Denny Hall Room 202
His teaching and research activities are mainly in Middle East politics, comparative politics and international relations. He contributes to Middle East Studies and Security Studies. He has particular interests in the interaction of religions and politics and the politics of education, as well as authoritarianism and empire. His interest in pedagogical applications of new technologies, including simulations, games, and social media, has led to him being appointed to the Advisory Board of the National Institute for Technology in Liberal Education. A former diplomat, he has lived and worked in the Middle East and Europe. Recent publications: Professor Webb contributed a chapter on Totalitarianism and Authoritarianism to 21st Century Political Science: A Reference Handbook, edited by Ishiyama & Breuning (2011) and a chapter, Should the Daleks Be Exterminated? (with Mark Wardecker) to Doctor Who and Philosophy, edited by Smithka & Lewis (2010). His article Engaging Students with Engaging Tools was published in Educause Quarterly in 2009.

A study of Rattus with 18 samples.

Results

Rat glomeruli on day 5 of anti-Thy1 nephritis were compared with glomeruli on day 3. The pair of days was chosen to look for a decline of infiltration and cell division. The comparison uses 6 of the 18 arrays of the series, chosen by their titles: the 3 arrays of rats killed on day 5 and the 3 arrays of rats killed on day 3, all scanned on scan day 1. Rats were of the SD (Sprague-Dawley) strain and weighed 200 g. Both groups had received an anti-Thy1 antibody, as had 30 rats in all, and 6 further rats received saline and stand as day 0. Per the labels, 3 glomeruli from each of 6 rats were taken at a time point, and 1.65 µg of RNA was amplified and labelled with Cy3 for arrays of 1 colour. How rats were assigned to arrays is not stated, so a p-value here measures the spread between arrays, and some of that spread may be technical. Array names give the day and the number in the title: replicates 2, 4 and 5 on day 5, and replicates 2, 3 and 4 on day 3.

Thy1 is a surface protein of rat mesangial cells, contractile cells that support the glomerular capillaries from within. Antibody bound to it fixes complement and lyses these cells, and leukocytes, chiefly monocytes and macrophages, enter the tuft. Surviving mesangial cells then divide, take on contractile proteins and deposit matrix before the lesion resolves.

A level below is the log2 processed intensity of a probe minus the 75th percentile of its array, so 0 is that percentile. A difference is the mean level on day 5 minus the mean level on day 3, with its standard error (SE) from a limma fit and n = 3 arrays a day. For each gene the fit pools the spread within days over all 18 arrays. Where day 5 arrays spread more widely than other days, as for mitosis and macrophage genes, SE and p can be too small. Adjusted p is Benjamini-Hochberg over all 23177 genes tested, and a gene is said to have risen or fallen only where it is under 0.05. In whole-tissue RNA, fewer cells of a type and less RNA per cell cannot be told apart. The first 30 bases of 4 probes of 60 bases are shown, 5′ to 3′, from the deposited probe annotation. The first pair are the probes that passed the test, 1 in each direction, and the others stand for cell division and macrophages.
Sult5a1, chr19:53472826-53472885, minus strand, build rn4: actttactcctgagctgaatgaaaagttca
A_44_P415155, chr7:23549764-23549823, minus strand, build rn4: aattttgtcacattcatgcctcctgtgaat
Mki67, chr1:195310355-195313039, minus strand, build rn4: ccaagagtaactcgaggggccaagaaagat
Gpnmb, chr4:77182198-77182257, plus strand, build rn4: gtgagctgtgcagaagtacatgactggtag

MEST 266 Intl Pol of the Middle East
Cross-listed with INST 277-01 and POSC 277-01.
INST 277 Intl Pol of the Middle East
Cross-listed with MEST 266-01 and POSC 277-01.
POSC 277 Intl Pol of the Middle East
Cross-listed with INST 277-01 and MEST 266-01.
INST 401 Empire
Empires may seem to belong to history, but they have shaped today’s political order and globalizing economy. Few parts of the world have been untouched by empire. Some argue that the United States is or should be an empire, whether they see it as benign or malign. What does empire mean today? Participants will critically assess diverse materials to come to their own conclusions about the analytical utility of the concept of empire, and how they can best apply it to understand issues that matter in world politics today. Students will produce research papers examining how empire affects their areas of specialization, in preparation for discussion at the oral examination in the spring.